Venezuela sees two oil tanker grounding on same place

Mar 12, 1997 01:00 AM

Venezuelan oil and shipping authorities said they could not explain why two oil tankers had run aground in virtually the same place in the Gulf of Venezuela within the space of two weeks.
"The port authorities are still trying to figure out what happened. It's very strange," said a spokeswoman for Lagoven, subsidiary of PDVSA.
The Greek-flagged Olympic Sponsor ran aground Monday Mar. 10, in the outer navigation channel of Lake Maracaibo in north-western Venezuela. The tanker was en route to Rotterdam with 477,000 barrels of crude on board. The crude, which was taken on board at Lagoven's La Salina port in the north-west of Lake Maracaibo, was to be delivered to Germany's Veba Oel. (PDVSA owns a 50 % in Veba's 225,000 bpd Gelsenkirchen refinery.)
Port authorities were still working Wednesday to float the tanker which ran aground in virtually the same place as the Greek-flagged Nissos Amorgos tanker grounded Feb. 28 spilling at least 28,000 barrels of heavy crude.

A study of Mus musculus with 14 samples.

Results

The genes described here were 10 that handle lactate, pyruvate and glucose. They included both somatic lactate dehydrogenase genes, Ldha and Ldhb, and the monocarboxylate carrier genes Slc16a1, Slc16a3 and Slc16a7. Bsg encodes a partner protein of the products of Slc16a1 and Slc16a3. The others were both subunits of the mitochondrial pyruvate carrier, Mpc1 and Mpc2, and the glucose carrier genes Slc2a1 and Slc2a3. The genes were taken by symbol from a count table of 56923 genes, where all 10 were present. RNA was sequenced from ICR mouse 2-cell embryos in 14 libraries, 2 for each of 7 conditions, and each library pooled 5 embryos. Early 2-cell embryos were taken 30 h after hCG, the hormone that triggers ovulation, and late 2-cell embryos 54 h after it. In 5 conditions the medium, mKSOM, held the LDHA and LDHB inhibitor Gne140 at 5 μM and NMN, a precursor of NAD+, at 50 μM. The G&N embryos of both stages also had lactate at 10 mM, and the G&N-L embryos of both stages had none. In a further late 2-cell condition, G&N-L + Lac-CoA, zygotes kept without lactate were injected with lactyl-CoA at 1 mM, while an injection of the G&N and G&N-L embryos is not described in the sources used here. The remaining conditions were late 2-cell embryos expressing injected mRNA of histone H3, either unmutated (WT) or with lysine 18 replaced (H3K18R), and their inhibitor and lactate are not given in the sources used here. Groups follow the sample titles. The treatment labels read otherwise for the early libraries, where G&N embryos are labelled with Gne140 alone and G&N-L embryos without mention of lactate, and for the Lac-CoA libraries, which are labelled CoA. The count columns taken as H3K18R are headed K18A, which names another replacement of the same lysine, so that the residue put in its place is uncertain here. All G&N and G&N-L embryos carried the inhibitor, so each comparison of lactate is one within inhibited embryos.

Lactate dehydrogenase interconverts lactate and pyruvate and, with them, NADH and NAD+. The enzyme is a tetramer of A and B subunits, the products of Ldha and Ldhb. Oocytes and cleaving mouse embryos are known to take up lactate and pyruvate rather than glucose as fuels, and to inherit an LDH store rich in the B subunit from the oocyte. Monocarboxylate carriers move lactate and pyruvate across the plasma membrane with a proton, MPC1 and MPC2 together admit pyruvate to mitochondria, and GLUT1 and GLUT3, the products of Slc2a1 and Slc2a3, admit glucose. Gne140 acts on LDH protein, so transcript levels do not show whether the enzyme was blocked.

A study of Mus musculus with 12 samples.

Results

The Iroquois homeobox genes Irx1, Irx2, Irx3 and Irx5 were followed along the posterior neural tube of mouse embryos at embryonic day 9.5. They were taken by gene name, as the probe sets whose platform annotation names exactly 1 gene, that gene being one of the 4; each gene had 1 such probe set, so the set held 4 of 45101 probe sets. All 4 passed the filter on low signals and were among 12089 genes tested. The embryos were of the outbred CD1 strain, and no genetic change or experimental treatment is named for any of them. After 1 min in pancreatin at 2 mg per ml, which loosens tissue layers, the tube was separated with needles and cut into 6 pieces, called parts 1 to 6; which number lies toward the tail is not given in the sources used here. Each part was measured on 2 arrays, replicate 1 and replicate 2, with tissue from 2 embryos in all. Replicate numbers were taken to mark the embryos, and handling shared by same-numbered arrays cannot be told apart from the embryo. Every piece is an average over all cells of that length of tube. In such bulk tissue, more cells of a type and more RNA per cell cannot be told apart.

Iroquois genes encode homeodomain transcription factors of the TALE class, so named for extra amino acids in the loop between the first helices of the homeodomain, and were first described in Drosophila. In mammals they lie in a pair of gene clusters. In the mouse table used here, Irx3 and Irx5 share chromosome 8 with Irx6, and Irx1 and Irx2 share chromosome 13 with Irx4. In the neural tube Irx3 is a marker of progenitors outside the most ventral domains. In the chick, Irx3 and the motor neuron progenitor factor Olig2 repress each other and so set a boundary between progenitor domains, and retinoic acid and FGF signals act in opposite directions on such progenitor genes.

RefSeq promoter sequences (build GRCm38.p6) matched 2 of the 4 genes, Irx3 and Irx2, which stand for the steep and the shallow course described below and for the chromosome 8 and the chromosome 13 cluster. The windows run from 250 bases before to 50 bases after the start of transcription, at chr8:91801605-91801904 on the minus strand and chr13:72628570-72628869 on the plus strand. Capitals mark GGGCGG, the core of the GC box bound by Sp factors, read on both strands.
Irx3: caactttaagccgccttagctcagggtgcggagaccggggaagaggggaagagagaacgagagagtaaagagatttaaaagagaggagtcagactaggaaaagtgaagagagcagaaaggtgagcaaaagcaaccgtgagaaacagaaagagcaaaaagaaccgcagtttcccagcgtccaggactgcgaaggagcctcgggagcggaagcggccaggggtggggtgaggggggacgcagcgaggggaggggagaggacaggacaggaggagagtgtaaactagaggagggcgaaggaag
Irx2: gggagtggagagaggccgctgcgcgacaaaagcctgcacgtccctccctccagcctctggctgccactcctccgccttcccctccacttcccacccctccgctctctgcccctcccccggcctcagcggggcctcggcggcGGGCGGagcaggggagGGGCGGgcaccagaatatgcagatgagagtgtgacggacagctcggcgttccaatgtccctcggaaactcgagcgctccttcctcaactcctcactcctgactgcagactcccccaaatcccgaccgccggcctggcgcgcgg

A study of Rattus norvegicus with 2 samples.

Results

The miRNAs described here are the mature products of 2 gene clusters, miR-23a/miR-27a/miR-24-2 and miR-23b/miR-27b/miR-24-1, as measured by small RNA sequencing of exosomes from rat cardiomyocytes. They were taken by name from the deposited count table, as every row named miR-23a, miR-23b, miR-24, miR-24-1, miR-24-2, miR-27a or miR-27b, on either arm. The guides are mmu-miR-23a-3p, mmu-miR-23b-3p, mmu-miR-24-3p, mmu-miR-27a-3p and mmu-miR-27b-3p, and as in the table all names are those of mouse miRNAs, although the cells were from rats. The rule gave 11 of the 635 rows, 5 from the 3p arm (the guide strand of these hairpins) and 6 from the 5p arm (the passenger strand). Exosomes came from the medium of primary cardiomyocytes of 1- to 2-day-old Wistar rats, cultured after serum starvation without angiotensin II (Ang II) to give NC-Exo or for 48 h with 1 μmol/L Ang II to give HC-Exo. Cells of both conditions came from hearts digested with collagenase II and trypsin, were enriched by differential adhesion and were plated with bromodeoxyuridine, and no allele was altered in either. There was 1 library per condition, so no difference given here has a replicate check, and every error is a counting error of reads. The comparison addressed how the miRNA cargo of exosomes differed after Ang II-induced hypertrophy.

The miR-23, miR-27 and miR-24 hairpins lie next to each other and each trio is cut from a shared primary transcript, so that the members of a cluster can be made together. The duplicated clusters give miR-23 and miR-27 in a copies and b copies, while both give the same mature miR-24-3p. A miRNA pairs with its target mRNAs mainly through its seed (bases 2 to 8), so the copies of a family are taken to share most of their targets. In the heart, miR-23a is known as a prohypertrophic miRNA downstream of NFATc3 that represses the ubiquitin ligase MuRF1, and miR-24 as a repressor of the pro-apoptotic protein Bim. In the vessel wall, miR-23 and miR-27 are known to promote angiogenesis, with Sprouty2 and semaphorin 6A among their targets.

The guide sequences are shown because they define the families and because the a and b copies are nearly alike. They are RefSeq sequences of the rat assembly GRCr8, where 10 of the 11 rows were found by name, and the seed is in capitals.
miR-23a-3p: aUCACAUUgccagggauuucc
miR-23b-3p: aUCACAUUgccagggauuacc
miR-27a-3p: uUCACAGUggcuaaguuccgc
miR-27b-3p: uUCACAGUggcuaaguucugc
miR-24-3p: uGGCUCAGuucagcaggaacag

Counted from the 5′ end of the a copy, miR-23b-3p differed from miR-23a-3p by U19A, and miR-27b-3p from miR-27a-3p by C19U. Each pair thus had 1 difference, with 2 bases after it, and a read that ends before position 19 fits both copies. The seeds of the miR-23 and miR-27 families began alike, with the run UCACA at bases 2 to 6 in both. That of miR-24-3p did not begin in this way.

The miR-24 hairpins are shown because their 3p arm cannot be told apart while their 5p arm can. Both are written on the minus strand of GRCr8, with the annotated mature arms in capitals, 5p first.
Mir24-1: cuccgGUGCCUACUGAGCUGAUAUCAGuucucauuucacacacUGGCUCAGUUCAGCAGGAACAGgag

The back-to-back accidents have led to suggestions that the Lake Maracaibo navigation channel was not being well maintained, an accusation rejected by the National Channels Institute (INC).INC Director Carlos Punar Abreu said gusting high winds common at this time of year could have pushed the tankers off course.
Port authorities announced Tuesday that tanker traffic through the channel had been restricted to ships with less than 38 feet (11.5 meter) draught. A shipping agent in Maracaibo said the Olympic Sponsor had a draught of 39 feet but that the 38 feet restriction was unlikely to affect oil exports from Lake Maracaibo.